Front Office Insider: Rookie wide receivers making history this season

A deep rookie wide receiver class has possibly turned historic.

Whether it’s the new points of emphasis in officiating, pass catchers polishing their skills sooner than ever or the game being played more on the perimeter, this year’s rookie class has produced at a rate never seen before.

Twelve first-year wide receivers have at least 20 receptions. And 14 have at least 200 receiving yards. Both of those are records through the first 10 weeks of any season dating back to the AFL/NFL merger in 1970, according to STATS LLC.

The lofty expectations have been validated. Headlined by five first-round picks — Sammy Watkins (No. 4), Mike Evans (7), Odell Beckham (12), Brandin Cooks (20) and Kelvin Benjamin (28) – and bolstered by undrafted free agents, this class has taken the league by storm.

"Typically, players needed a season or two to catch up to the mental jump, but now they are ready because a lot of them are playing as freshmen in college," one former NFL scout told "They are able to read soft spots in defenses and able to get in sync with their quarterback on the fly."


Of the 14 players who have exceeded 200 receiving yards, 10 logged significant playing time as freshmen in college. The experience has allowed them to make a quick transition to the pros.

San Diego Chargers’ second-year wide receiver Keenan Allen, who was regarded as one of the most fundamentally sound prospects in a while, became the eighth rookie ever to rack up more than 1,000 yards receiving in 2013. This year, Benjamin, Watkins, Evans and Cooks have realistic chances of hitting that mark. Before Jacksonville’s Allen Robinson was placed on season-ending injured reserve Tuesday with a stress fracture in his foot, he was on pace to meet that mark, too.

"I think the rules play a part of it, and it’s a different game we play today," the former scout said. "More and more wide receivers are versed in offenses from the collegiate level, and they are better at adapting at the line of scrimmage by making adjustments when they recognize a certain defense."

"It’s a trend that’s here to stay," a former general manager told "That’s just the way the game is played now even at the high school level. When you look at overall talent, these guys are far superior to the players who came in even 10 years ago."

With offensive trends such as the run-and-shoot, wildcat and read-option having had their time in the spotlight, nothing sustains success and gives teams a better chance to win each Sunday like a good pocket passer with athletic weapons on the outside.

"When you look at it from a physiological standpoint, most receivers are 6 feet tall and up," an AFC personnel director told "There aren’t a lot of cornerbacks with that size and speed combination to keep up. It’s a mismatch just based on physics."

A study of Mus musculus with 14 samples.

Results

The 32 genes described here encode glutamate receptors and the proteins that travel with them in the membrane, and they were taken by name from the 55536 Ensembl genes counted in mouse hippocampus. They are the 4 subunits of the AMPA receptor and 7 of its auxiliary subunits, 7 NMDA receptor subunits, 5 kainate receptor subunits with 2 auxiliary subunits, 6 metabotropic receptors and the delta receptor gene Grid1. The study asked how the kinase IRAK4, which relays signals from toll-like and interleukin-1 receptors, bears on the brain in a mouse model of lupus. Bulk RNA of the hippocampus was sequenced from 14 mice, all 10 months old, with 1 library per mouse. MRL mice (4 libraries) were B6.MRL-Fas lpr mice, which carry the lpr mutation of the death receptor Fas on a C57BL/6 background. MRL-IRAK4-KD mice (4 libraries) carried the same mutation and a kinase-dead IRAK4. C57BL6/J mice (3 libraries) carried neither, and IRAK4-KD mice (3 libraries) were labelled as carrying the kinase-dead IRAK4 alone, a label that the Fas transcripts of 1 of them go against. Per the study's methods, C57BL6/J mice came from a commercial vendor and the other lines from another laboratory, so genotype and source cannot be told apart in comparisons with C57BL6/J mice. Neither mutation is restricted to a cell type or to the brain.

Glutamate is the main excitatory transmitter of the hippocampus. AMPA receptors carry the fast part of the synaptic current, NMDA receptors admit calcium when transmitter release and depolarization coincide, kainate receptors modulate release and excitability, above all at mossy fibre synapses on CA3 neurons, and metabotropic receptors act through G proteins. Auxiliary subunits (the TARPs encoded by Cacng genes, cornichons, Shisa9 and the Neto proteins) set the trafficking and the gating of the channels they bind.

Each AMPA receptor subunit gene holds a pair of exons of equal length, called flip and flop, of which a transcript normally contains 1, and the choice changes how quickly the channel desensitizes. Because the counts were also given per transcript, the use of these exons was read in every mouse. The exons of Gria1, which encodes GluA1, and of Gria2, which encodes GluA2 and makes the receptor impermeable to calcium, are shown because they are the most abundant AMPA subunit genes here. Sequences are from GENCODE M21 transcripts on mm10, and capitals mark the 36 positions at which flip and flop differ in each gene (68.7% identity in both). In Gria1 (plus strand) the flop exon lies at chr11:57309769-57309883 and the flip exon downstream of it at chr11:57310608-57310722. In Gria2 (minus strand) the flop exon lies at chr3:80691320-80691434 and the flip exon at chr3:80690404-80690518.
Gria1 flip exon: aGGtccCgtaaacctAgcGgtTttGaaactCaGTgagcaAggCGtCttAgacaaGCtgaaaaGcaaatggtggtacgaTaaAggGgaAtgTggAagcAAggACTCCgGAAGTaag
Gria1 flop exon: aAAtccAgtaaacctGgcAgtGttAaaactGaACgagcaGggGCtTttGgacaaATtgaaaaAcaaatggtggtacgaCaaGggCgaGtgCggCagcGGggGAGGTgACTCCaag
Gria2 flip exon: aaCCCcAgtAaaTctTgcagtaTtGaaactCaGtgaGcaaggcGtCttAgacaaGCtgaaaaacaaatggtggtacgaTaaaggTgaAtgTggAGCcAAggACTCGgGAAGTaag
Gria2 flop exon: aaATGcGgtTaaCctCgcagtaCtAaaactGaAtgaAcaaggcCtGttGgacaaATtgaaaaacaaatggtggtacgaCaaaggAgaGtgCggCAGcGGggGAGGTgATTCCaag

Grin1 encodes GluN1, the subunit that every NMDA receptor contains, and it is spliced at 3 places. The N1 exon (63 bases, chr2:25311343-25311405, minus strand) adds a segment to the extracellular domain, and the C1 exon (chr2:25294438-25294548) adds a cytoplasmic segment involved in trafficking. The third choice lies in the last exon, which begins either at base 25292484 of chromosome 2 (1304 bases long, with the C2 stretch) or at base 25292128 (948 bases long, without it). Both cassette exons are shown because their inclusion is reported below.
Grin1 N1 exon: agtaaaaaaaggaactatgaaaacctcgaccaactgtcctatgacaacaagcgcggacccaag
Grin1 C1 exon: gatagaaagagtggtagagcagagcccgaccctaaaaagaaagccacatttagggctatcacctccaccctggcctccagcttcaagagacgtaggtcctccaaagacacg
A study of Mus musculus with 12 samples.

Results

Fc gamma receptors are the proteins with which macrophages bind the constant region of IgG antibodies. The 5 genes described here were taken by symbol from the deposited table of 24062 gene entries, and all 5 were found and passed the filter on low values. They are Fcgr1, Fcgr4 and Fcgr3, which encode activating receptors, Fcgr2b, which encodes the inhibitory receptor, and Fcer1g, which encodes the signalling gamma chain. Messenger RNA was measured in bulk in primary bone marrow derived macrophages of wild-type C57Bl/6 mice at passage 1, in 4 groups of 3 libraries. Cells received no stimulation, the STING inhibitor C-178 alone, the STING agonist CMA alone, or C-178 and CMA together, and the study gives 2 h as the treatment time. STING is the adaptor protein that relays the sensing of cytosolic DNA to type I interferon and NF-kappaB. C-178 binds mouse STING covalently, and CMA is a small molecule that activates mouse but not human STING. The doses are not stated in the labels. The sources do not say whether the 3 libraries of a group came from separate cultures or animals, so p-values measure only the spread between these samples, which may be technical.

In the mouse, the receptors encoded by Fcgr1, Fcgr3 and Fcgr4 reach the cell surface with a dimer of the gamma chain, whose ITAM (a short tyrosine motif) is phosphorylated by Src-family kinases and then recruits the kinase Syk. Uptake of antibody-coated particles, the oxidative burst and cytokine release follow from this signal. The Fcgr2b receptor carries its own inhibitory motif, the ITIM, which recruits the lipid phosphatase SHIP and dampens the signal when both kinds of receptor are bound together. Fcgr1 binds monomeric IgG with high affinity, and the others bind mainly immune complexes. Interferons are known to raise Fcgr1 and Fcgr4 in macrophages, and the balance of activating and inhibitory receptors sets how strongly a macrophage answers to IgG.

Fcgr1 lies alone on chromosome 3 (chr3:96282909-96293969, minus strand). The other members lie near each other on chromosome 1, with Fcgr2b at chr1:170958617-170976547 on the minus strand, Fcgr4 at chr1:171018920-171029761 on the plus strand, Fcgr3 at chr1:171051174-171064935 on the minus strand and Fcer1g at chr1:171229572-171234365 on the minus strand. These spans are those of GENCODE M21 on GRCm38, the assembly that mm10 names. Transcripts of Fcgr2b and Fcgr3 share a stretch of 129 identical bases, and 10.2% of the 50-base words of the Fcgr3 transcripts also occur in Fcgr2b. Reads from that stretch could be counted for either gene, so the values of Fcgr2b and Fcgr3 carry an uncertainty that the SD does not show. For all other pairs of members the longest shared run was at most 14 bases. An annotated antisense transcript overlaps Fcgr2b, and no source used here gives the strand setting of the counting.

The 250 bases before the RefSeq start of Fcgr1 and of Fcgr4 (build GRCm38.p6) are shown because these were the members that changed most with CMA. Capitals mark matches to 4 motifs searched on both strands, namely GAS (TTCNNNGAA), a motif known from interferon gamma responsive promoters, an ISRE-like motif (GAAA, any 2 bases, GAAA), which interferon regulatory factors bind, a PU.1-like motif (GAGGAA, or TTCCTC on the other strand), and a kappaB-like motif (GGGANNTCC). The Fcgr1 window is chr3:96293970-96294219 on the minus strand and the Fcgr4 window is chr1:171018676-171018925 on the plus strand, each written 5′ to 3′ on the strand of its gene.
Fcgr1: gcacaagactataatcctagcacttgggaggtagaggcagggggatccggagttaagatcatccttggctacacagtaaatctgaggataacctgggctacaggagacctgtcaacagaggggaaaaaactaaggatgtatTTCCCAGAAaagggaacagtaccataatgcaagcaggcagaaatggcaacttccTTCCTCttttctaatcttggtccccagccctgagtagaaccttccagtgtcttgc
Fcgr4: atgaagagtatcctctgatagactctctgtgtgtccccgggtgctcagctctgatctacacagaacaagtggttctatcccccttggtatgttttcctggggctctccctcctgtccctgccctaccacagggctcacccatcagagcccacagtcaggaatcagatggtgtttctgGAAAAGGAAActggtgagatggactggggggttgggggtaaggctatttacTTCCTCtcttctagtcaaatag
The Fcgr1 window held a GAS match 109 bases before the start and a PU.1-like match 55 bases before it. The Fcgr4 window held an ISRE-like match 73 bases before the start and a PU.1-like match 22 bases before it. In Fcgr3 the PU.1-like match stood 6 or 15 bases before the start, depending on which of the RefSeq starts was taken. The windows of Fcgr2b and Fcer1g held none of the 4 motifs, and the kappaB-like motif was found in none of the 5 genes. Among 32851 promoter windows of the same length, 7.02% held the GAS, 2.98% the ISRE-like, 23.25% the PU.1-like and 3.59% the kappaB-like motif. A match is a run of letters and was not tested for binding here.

Though it’s not likely any one rookie wide receiver will reach the great heights Randy Moss did as a rookie 1998, when he had 69 receptions for 1,313 yards and 17 touchdowns, this class could be remembered as the greatest collection of talent from top to bottom.

And with some more time and seasoning, it’s likely to get even better.

49ers’ rookies arriving just in time

The loss of Patrick Willis for the season is extremely significant for several reasons. But the linebacker’s injury is buoyed by the exceptional play of rookie Chris Borland, who has stepped in for Willis since he sprained his toe. The past two weeks, Borland has logged 35 tackles and two passes defensed. His play has caught the eye of several talent evaluators around the league.


"The play that is very telling of him came in Week 9 when Austin Davis threw an interception to Perrish Cox," an NFC scout explained. "(Davis) tried getting to his feet three times before the whistle was blown, and each time he tried, Borland kept smacking him into the ground. He’s a mean, nasty player who plays with an attitude. Not to mention he has tremendous instincts."

One personnel man noted Borland’s size (5-11, 247) and ability to stack and shed offensive linemen as causes for concern. That hasn’t been quite the case thus far. Coupled with rookie linebacker Aaron Lynch, the 49ers have some young talent blossoming before their eyes.

Cornerbacks set the tone for Colts defense

One reason the Indianapolis defense has performed at such a high level this year is the play of the cornerbacks. Without Vontae Davis, who was sidelined with a knee injury, Pittsburgh Steelers quarterback Ben Roethlisberger torched the secondary for six touchdowns in Week 8. Aside from that game, the secondary has played well.

As one team source noted, coach Chuck Pagano came up as a defensive backs coach and has been very hands on with this group. Davis, Greg Toler and Darius Butler have benefited from the additional tutoring during an age in which a lot of focus is placed on the installation of schemes rather than zeroing in on fundamentals. Butler, who is playing in the final season of his two-year deal with the Colts, could enjoy the rewards of the open market if he continues to validate himself.